Breastfeeding mothers should think carefully before lighting up, new research suggests.
The conventional wisdom has been that cannabis use is best avoided during pregnancy and breastfeeding, as there had been little research done on whether THC can be carried by breastmilk to infants. A group of researchers at the University of California San Diego School of Medicine discovered that in many cases it does.
After testing 54 breastmilk samples from 50 women who reported cannabis consumption either daily, weekly or sporadically, the researcher found THC in 63 per cent of the samples. In at least one case, THC was detectable in the milk six days after the mother consumed marijuana.
Christina Chambers, the author of the study warns that while the amount of THC found in breast milk of mothers who consume cannabis is small, the effects of THC on infants is still unknown.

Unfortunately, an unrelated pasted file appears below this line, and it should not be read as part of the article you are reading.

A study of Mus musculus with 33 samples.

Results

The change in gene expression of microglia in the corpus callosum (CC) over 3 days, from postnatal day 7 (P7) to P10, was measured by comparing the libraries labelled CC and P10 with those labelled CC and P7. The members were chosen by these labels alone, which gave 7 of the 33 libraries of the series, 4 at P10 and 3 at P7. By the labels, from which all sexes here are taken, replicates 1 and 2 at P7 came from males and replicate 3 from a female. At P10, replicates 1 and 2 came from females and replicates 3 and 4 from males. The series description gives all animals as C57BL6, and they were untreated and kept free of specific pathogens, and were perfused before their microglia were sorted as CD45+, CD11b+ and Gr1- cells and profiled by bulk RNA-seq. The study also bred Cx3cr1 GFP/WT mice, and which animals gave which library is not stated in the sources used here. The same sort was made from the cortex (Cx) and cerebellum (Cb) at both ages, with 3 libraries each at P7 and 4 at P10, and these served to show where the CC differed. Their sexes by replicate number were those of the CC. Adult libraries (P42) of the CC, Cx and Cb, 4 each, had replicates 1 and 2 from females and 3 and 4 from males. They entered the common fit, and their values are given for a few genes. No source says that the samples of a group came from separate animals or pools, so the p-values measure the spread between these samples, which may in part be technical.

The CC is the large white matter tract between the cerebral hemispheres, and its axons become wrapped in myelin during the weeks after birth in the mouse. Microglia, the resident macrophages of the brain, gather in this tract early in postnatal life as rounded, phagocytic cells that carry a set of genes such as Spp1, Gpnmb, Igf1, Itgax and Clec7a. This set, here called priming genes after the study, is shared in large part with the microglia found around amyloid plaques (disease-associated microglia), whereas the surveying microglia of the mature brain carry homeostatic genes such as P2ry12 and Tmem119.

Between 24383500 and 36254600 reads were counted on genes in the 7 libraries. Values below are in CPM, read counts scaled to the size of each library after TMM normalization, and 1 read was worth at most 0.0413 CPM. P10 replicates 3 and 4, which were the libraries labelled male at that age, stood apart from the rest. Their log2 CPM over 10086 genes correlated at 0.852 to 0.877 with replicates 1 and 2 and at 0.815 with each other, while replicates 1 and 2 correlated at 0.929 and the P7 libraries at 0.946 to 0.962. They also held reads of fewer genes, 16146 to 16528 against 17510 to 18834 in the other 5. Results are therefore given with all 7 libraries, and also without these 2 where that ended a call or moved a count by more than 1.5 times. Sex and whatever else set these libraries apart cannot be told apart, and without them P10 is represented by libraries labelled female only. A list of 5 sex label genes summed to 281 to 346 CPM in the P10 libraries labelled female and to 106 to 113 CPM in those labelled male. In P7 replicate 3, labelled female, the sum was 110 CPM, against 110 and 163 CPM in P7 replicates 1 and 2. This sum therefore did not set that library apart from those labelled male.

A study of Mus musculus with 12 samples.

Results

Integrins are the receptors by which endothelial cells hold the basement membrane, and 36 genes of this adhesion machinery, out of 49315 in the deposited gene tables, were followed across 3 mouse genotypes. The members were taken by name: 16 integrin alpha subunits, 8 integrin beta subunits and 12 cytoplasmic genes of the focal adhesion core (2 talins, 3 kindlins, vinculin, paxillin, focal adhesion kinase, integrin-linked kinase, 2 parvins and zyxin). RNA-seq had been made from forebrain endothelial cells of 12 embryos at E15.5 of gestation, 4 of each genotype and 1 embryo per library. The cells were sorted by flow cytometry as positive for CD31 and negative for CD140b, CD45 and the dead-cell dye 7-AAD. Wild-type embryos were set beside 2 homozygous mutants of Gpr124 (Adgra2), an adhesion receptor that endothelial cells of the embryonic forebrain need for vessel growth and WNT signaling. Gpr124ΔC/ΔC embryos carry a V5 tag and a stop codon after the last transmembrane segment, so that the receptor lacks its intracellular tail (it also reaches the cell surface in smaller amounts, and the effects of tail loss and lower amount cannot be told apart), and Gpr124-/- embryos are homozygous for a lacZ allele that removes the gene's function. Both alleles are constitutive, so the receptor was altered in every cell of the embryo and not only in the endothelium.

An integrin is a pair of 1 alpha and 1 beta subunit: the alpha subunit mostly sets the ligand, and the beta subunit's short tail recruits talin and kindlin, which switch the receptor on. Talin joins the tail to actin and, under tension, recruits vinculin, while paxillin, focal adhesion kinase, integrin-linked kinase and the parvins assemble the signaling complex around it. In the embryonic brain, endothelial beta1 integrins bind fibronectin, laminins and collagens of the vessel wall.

"We found that the amount of THC that the infant could potentially ingest from breastmilk was relatively low, but we still don't know enough about the drug to say whether or not there is a concern for the infant at any dose, or if there is a safe dosing level," Chambers said in a statement.
She says she hopes their research leads to more in-depth studies on the topic and understands that choosing between breastfeeding and medications can often be a challenging choice for mothers.
"Pediatricians are often put into a challenging situation when a breastfeeding mother asks about the safety of marijuana use," Chambers said. "We don't have strong, published data to support advising against use of marijuana while breastfeeding, and if women feel they have to choose, we run the risk of them deciding to stop breastfeeding—something we know is hugely beneficial for both mom and baby."
And while cannabis use and good parenting aren't mutually exclusive, it's probably best to give the weed a break until the kids are onto other foods.